Wednesday, April 16, 2014
When Breaking Rules is no Sin : Service of the Heart
1 Corinthians 13:13 says “12For now we see in a mirror dimly, but then face to face; now I know in part, but then I will know fully just as I also have been fully known.13But now faith, hope, love, abide these three; but the greatest of these is love”.
In the mindless repetition of this differentiating text from the Bible, I have seen many a wedding solemnized, many a suffering explained away and moments of confusion managed for the temporal convenience of clergy and the laity. The Passion Week is a reminder past the centuries of an unparalleled traverse of the Jesus figure in its intensity and solemnity both. The essence between the text from the Corinthians and the experience of the Now Moment in the present, revealed itself in a pristine view for me today. So, I record them here – partly as a re-discovery of matters spiritual, and partly as an instrument to my own meaning making. And no, I have not gone to the etymological, epistemological or liturgical roots of these terms. So they come minted with the scent of my own till that the world has suffered for me.
Faith is supposed to be a dive into the unknown, and yet, it presupposes a lot. Faith per se is a call to action. On the face of it, it seems a simple, pure and unqualified act of trust. Faith however, rests on the actor’s past. It summons a judgment in the moment between choices in favour of the one choice presented for appeal. Such judgment arises only if the actor has a past experience of matters from which to discern the worth of the judgment call. Hence faith is past-dependent, despite its glory in the present.
Hope is a beacon of aspiration, aligned with an experience yet to be. It signals a poise of uncovering inner potential whether passive, dormant or active. Hope is a form of reliability in unborn futures, separating the moment from the burdens yet to be borne; and yet giving meaning to today’s yokes. Hope is a tempering of the Spirit, the enmeshment of the Larger Mind within us that connects with what is larger than us.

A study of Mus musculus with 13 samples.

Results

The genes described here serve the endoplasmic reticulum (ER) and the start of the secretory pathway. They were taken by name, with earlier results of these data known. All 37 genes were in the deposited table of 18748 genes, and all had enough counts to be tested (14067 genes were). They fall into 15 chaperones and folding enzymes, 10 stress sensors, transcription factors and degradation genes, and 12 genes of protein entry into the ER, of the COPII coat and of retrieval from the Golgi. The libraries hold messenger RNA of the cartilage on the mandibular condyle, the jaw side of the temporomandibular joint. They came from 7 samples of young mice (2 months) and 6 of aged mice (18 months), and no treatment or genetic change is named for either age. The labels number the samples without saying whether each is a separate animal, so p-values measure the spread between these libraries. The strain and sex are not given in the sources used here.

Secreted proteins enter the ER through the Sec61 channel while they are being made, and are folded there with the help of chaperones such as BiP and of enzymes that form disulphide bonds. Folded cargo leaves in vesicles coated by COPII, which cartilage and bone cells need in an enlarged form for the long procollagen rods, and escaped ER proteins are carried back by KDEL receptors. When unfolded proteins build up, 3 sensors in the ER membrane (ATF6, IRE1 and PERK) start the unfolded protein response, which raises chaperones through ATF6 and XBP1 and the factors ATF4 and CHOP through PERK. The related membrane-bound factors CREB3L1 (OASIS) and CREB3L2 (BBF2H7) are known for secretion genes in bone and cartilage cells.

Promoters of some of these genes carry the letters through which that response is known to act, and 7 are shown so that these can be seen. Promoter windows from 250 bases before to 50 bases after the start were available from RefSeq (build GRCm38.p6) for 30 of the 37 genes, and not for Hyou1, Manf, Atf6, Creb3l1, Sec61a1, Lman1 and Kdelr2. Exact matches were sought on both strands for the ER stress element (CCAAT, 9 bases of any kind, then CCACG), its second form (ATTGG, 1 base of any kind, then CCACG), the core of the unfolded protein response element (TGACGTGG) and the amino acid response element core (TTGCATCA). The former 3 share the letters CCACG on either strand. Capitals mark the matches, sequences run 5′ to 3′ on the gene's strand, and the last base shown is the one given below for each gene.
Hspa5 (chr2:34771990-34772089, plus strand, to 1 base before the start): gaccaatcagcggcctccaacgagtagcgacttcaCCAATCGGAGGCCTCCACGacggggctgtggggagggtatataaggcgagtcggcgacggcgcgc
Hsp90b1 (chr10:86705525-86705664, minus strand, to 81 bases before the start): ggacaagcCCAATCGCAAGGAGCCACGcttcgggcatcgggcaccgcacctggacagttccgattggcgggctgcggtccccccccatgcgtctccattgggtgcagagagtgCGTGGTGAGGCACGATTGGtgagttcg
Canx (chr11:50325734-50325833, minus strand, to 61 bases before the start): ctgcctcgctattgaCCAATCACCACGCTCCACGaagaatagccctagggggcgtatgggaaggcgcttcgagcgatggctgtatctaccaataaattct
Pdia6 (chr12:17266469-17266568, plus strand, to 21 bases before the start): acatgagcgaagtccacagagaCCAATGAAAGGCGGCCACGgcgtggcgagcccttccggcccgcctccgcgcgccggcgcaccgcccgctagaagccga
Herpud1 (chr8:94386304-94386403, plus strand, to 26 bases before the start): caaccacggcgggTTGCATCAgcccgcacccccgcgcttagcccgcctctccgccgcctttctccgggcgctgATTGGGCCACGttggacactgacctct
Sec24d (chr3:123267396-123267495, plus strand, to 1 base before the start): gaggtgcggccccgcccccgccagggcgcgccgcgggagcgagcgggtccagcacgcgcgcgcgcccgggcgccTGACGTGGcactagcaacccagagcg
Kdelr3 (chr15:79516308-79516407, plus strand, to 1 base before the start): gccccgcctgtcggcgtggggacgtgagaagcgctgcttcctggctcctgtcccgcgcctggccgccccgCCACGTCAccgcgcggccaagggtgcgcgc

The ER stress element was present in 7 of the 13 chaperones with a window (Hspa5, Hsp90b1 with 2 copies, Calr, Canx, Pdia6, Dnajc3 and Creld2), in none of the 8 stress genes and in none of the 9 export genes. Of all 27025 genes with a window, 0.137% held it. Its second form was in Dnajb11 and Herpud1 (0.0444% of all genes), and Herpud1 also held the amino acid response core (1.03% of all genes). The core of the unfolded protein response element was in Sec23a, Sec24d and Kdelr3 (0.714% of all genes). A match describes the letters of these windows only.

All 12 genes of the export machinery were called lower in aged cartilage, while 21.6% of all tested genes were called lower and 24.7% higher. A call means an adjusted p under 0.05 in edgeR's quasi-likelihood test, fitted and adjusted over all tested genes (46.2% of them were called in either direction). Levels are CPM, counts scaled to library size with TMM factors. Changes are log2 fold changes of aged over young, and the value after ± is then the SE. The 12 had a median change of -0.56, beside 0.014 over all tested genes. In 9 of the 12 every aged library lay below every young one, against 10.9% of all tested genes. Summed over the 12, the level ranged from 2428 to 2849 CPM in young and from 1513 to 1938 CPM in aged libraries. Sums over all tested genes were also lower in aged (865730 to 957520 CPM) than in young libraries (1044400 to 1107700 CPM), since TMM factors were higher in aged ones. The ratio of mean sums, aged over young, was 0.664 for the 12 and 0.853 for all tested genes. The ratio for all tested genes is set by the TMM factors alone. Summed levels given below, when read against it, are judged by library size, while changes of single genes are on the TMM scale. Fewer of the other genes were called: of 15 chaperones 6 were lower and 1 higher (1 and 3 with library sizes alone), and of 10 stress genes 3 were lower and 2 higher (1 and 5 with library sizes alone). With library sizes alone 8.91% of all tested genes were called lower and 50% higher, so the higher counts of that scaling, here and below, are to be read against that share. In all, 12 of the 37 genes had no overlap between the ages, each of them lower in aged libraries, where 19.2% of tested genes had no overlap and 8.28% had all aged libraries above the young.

But spirituality is not just through the mind’s intellect. Spirituality is also through our body and emotions. Transformations happen when we ready ourselves in the moment to receive love. Love exists in the present. We may never know in our lifetimes, as we know it, where Love comes from. It is only in the receiving, that we can recognize Love. In Love, we die to the moment. In this death, we renew ourselves. Mindfulness allows us to integrate what we sense through body and emotion into Love. For Love is a decision, that embeds many a moments of emotion, but is not an emotion of itself. Love is the giving of all you are in the moment you make that decision.
Love can bear all things, if we experience the Presence of Eternity. Forgiving Love is a decision to dissociate feelings and emotions with the person whose acts may have hurt us in the past. Merciful Love is a decision to be in service of the heart, where compassion is a state of accurate empathy with the other’s feelings, and yet, in such service; one breaks known rules of engagement. Love is in the giving. And since each moment is new; when expressed, Love bears authenticity, an originality born of an awareness of the moment.
Integrating the Past and the Future in the Present may seem difficult. In surrender to the moment, not insisting on what we desire, but experiencing from a wholeness to deserve the bounty of resources in the moment, Grace becomes an amazing feature. Grace is the mystical, unmerited mercy, whose gift is like the synesthetic synapse of laughter and tears at the same time. The Presence of Eternity, then alters our perception of time itself. If as the Bible Says, that the Greatest of these is Love, mindful present-awareness has a premium over Past–dependent Faith and Future-oriented Hope.
Yet, the moment contains the humble connotations of the connected tenses. This is a new meaningfulness for me today. If you let me know what this means for you, I shall be much obliged.